Advancing your career goals with the Pega Community Hackathon

Ben Baril,

This week we launched our second-ever Global Community Hackathon. As a huge fan of both Pega and Hackathons, I could not be more excited to see all the great ideas and applications that will be built over the next month and a half.

Stephanie Louis did an amazing job outlining a couple of reasons why you might want to participate (aside from the awesome prizes, opportunity to play with new technology and bragging rights). But I would like to focus on an additional reason: hackathons can help you reach your career goals.

The beautiful thing about hackathons

The beautiful thing about Hackathons is they give you an opportunity to step outside of your regular routine and look at solving problems with a different lens.

In my first job out of college I worked for a large bank in Canada. This was my first time interacting with so many people. When I had a question, I often had to look people up to figure out who I needed to ask. That meant using the company’s directory dozens of times a day - which was terrible. This directory was built on Lotus Notes, and it took 20-30 seconds to load the search results … if they ever came up at all. It also meant I had to have Lotus Notes open, which zapped my computer of valuable resources.

Along came the bank’s internal developer hackathon - my first foray into this activity. While many of the engineers worked on pushing the limits of our internal systems, I spent my 24 hours developing a new directory. I used an altogether new technology that had previously been disregarded and had a fully functional prototype at the end. Even though I didn’t win the Hackathon, my project was promoted to production. I was recognized by the company, and now people were using my directory to look me up!

This type of story would repeat itself in my career. Sometimes I would work on cool, new technology. Sometimes I would work with entirely new teams and conversations with team mates would lead me to the next step in my career journey. And sometimes I just got a cool t-shirt and memories. But each time, I found my participation in the hackathon was worth it.

How to make the most of your hackathon experience

Based on my hackathon experience, here’s some advice for making the most of your Pega Hackathon experience

  1. Participate. Whether you find some likeminded colleagues and form a team, or go at it solo, get involved! We have plenty of resources to help you get started, including a free trial system that you can work with, and as well Pega Academy is free to all community members!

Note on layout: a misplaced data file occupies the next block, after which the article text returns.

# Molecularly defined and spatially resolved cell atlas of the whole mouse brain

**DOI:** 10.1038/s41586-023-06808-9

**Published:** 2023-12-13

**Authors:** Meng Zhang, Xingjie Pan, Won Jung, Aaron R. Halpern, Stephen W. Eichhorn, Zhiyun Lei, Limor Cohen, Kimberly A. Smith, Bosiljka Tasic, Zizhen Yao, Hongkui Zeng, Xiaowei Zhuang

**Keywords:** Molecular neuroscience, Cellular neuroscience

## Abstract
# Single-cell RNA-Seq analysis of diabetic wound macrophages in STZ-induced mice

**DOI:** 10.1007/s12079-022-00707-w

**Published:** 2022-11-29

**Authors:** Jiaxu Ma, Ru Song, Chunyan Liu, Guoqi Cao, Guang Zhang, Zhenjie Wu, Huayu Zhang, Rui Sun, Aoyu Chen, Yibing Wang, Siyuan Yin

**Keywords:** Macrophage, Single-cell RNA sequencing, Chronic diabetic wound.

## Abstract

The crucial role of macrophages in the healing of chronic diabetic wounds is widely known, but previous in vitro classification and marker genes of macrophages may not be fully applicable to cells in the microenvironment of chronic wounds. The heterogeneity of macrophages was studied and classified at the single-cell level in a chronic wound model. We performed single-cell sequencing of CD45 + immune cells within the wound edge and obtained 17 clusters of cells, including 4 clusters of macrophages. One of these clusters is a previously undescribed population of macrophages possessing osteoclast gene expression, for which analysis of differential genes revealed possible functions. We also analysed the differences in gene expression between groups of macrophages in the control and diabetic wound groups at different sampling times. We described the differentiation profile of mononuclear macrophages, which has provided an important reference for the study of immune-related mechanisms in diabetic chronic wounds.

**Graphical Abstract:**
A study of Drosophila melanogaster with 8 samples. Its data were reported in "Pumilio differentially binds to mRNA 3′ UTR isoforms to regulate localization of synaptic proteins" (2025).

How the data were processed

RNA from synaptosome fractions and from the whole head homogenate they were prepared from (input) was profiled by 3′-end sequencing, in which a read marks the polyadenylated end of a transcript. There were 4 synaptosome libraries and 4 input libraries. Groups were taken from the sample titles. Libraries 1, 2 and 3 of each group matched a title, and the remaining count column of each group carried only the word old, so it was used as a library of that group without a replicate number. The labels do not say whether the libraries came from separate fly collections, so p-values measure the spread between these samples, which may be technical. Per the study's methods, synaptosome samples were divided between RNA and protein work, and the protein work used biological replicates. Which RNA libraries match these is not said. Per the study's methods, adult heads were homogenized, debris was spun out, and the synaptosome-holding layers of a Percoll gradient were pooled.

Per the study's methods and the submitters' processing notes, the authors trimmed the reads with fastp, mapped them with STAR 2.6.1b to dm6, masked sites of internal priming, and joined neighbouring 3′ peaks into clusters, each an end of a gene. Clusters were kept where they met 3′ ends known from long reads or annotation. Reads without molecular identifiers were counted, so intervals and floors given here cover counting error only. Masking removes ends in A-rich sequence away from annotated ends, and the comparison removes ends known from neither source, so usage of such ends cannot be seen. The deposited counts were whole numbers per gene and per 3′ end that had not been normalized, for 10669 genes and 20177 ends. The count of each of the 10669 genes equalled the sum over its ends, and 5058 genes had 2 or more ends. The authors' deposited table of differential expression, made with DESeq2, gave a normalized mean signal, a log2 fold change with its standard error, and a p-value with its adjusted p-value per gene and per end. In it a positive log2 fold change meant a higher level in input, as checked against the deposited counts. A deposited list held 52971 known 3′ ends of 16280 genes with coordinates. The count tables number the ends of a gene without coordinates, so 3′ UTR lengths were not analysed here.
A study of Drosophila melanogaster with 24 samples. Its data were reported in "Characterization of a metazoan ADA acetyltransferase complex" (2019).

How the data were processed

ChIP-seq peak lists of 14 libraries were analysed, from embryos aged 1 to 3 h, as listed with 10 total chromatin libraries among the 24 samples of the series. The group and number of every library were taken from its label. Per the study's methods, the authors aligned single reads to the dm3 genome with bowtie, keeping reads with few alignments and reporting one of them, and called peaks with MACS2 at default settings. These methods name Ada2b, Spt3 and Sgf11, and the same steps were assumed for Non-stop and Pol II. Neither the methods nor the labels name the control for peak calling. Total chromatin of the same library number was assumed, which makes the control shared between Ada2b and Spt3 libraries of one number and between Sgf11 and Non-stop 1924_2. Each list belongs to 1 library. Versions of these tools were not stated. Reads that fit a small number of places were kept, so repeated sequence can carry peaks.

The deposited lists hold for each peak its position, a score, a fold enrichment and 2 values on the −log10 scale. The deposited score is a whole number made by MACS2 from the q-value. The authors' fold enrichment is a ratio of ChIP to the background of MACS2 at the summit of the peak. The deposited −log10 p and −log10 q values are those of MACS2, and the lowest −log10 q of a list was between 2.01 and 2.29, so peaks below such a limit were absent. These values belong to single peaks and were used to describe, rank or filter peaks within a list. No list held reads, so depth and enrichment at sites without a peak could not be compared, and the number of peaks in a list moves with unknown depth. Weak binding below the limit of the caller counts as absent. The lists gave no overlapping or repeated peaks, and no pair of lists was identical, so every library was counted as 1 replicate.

2. Ask for help. Need an idea? Ask around the office for what kinds of common problems your coworkers run into? What problem could you start to tackle that could have an immediate impact? Still struggling to find an idea – we’ve got plenty! Join the discussion at the Pega Collaboration Center.
  3. Take advantage of the Office Hours sessions to help you out if you get stuck.
  4. Show off your work. Present your work to your coworkers, even if you don’t get to finish in time. You might inspire others to help out or be given investment to complete your project and roll it out!
  5. Have fun. Your project doesn’t need to be serious or even useful to be impactful. Just by participating in a Hackathon you are helping your career – by learning and using new technology, by practicing your presentation skills and by looking at how to solve problems in a new way.  

Happy Hacking!

 

 


I am the Director of Technology Strategy, working in Pegas Office of the CTO. I am passionate about technology trends, and helping people and organizations solve problems, and generally make the world work better using software.

Over the past 13 years I have worked with dozens of organizations, guiding them through their digital transformation journeys. I am most comfortable standing in front of a crowd answering questions about our software, roadmap or technology in general. I am originally from Montreal, QC and now call Ottawa, ON home after a brief detour in New York City.